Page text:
The Central Name Index (ZNK) contains information on more than 20 million tracing requests for missing persons from the Second World War. Its approx. 50 million index cards contain all available information on the documented individual cases and are the most important source of information in this field of activity of the GRC Tracing Service.Read here to find out who we can help with this index. »
Content of the Central Name Index
In addition to millions of tracing requests from relatives of missing persons or from public authorities, the Central Name Index has recorded a number of important special indexes over the decades:
- Children's index (indexes of names and characteristics of unaccompanied children)
- Registration of prisoners of war and missing persons from 1950
- Total inventory of losses due to expulsion from 1955 to 1959 (about 124,000 index cards)
- Central index of internees (about 1,200 cards including cases of imprisonment in the GDR)
- Index of the Combat Group against Inhumanity (about 900,000 cards incl. imprisonment cases in NKVD camps of the Soviet Occupation Zone/GDR, imprisonment cases in the GDR)
- Card indexes resulting from matching data with the former German Agency (WASt), authorities, courts and local supply authorities (returnee registration cards)
- Card indexes of the Danish Refugee Administration Copenhagen related to flight over the Baltic Sea, arrival and internment in Denmark (about 200,000 cards)
Structure of the Central Name Index
The Central Name Index is ordered alpha-phonetically according to the surnames of the persons sought and in the matching procedure. The phonetic registration facilitates the search and allows to bring together names with complicated spelling or frequent names with different spellings (e.g. Meier, Schmidt).
Even today, the card index is still the basis for all research related to the events of the Second World War and is newly checked with every single request. For this reason, each tracing request requires as much information as possible on the person sought and the person searching.
History of the Central Name Index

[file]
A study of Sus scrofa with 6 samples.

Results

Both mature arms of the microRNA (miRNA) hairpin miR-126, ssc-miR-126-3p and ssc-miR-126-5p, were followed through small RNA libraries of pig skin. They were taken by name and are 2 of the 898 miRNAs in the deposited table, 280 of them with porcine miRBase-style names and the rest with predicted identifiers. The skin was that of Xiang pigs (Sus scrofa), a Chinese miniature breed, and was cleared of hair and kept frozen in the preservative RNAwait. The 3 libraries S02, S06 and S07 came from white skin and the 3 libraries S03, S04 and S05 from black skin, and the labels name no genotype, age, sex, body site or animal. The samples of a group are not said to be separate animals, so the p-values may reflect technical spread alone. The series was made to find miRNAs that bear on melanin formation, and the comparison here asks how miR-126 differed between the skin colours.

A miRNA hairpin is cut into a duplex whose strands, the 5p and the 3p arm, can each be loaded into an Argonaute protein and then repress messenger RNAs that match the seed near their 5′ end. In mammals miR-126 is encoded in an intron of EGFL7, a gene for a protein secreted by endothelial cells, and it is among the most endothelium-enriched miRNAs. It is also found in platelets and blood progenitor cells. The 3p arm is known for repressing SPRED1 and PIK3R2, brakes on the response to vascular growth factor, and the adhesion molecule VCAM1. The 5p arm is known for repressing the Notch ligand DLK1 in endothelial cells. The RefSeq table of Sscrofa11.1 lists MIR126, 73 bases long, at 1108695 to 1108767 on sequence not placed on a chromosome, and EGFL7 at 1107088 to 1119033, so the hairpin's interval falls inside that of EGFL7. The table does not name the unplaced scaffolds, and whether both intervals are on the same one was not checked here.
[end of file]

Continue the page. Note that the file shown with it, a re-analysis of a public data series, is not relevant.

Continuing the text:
The history of this card index begins immediately after the end of the Second World War in the western zones of Germany occupied by the victorious powers: in Hamburg, Munich, Stuttgart and in Saarbrücken. Simultaneously, the index of the "Tracing Service for Missing Germans" is created in the Soviet Occupation Zone (SBZ). With the centralization of the “research” department, the Hamburg and Munich card indexes are merged in 1950 at the Tracing Service Munich Office.
Data of the former German Democratic Republic (GDR)
The index of the GRC Tracing Service of the GDR, formerly the index of the “Tracing Service for Missing Germans in the Soviet Occupation Zone”, has its roots in the “Central Index of the Province of Saxony” (Halle). It was first established in 1946 for the registration of so-called resettlers, i.e. refugees, and was handed over to the GRC Tracing Service in 1990, when the East and West Red Cross Societies were united The approx. 8 million index cards consist mainly of search and index cards (i.e. from the card indexing of tracing requests) and the matching procedure with registration authorities.
Since state registration of missing persons or systematic interviewing of returnees did not take place in the Soviet Occupation Zone/GDR, the index contains hardly any or no returnee reports or registration cards. This database is also checked with every tracing request.
Digitization of the Central Name Index
Since the 1990s, more and more work processes within the Tracing Service have been computerised: Data from a wide variety of sources can be integrated within a workflow system, e.g. by transferring data records and digital documents from Russian archives. However, when the Central Name Index is used in its conventional way, this leads to unwelcome media disruptions, so that it must be adapted to the general technical standard. The wide variety of document templates and qualities that characterize the card index are a major challenge in terms of technology, personnel, work and time management. After more than ten years of digitization, the cards of the Central Name Index are now completely available in electronic form and fit onto a 5-terabyte hard disk.
In its digital form, the Central Name Index is now easier and quicker to use; another advantage is that the paper cards from the immediate post-war period remain protected from deterioration. The digital filing system follows the original index card structure, so that tracing queries can be processed in the same way. The original cards, which are important historical documents, were moved from their premises at the Tracing Service Munich Office in 2014 and are now safely stored at the Headquarters of the German Red Cross in Berlin.